Web App Prompts Sexual Health Testing for Young Gay, Bisexual, and Other Men Who Have Sex with Men
The National Institutes of Health (NIH) is funding a project to investigate a personalized web app that is designed to encourage young men at risk for HIV and other sexually transmitted infections (STIs), to get routine testing. The funding for “Get Connected” is supported by the new NIH Adolescent Trials Network. As part of the UNC/Emory Center for Innovative Technology (iTech), Penn Nursing and the University of Michigan School of Nursing are leading the large scale implementation of the project to encourage young men who have sex with men to get tested for HIV and other sexually transmitted infections, including chlamydia, gonorrhea and syphilis.
José A. Bauermeister, PhD, MPH, Presidential Associate Professor of Nursing, and Director of the Program in Sexuality, Technology and Action Research (PSTAR) at Penn Nursing, developed the web app. “This web app is distinct from existing online HIV/STI testing center locators in that our web-app provides young men with strategies to overcome barriers that keep them from getting tested. Using tailoring technology, we can customize the content based on users’ risk profile, their values and needs, and other characteristics unique to each individual,” said Bauermeister, co-principal investigator for the project.
Over the next four years, the trial will enroll more than 400 young men between the ages of 15 and 24 who live in Philadelphia, Atlanta and Houston. This initiative is part of a coordinated effort to encourage HIV testing and linkage to care among young people under the age of thirty, the age group that accounts for over forty percent of new HIV infections in the United States. Young men who have sex with men, particularly racial/ethnic minority men between the ages of 15 and 24, account for the greatest proportion of new infections in this age group. This age group is also more likely than adults to own a smartphone and use this device to download apps and access health information.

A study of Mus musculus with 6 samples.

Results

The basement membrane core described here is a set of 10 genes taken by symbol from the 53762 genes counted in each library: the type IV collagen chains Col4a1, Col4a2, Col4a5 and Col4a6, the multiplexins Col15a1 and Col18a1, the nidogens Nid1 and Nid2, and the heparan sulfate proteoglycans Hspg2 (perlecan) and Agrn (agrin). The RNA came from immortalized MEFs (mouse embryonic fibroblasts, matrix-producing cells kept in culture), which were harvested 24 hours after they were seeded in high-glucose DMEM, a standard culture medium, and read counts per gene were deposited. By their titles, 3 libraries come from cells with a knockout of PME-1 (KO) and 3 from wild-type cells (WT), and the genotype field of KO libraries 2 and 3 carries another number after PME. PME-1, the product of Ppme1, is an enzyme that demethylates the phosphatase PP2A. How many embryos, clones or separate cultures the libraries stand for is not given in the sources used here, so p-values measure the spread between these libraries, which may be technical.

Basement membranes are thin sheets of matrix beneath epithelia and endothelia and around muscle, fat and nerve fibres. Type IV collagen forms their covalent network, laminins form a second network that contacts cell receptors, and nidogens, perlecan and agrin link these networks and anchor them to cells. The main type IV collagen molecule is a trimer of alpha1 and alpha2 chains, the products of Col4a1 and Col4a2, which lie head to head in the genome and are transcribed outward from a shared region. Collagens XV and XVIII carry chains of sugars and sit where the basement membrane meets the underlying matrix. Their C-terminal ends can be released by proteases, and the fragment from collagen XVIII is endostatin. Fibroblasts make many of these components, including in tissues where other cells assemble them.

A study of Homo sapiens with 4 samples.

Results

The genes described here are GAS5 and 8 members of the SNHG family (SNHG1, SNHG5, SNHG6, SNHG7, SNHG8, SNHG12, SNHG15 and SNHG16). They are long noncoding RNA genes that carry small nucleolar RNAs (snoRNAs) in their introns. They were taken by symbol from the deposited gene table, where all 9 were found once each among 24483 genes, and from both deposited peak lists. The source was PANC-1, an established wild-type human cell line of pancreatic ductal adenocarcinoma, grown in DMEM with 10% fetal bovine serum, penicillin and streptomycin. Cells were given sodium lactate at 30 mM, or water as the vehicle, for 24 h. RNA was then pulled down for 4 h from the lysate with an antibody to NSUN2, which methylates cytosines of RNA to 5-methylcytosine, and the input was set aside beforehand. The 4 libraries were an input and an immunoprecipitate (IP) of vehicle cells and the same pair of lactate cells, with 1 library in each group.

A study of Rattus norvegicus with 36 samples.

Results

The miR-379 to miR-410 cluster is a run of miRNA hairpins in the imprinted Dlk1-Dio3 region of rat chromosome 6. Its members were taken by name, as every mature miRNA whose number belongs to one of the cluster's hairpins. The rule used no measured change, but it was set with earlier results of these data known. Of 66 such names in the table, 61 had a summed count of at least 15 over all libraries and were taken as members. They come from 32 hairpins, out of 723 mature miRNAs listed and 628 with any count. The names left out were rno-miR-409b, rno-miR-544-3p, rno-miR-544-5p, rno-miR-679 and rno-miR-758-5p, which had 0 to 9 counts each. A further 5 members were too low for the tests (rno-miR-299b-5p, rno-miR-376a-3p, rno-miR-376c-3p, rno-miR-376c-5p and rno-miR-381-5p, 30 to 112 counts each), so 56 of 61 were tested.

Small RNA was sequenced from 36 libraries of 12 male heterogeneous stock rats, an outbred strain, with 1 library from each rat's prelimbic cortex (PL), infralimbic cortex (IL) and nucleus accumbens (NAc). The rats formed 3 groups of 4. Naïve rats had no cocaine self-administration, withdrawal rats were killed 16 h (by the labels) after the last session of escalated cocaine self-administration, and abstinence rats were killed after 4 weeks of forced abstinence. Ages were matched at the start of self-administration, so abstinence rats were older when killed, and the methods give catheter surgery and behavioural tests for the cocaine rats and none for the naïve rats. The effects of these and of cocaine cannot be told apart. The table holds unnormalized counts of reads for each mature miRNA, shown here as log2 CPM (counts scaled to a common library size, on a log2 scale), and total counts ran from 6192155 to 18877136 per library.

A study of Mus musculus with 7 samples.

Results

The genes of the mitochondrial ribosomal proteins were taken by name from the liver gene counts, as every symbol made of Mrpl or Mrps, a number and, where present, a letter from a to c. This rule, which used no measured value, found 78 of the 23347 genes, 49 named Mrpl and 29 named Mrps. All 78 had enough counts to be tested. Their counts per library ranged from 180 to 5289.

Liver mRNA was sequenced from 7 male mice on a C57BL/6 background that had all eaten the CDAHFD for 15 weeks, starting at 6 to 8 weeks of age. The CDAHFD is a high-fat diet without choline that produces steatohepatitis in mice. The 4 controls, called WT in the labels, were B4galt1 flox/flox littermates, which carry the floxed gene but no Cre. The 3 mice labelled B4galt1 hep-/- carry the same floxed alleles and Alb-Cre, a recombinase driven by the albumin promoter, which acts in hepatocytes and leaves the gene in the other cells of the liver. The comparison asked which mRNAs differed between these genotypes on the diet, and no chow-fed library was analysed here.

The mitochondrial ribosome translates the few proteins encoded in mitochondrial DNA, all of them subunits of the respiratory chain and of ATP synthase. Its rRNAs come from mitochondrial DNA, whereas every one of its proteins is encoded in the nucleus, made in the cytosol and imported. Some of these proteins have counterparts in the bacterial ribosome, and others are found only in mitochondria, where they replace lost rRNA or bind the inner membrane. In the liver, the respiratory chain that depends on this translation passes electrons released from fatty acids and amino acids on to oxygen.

“With high levels of technology use among young people, particularly smart phones and social media, online interventions offer an acceptable and efficient way to reach this highly vulnerable population,” said Rob Stephenson, PhD, MSC, Director of the Center for Sexuality and Health Disparities at the University of Michigan School of Nursing, and co-principal investigator in the Get Connected project. “Continuing to examine the public health potential of our web app remains a priority for us.”
This project also involves co-investigators from the University of North Carolina, Emory University, and the University of Minnesota. The award for iTech is one of three U19 applications funded by the NIH’s Eunice Kennedy Shriver National Institute of Child Health and Human Development to support the new Adolescent Medicine Trials Network (ATN). Research reported in this news release was supported by award number 1U19HD089881-01.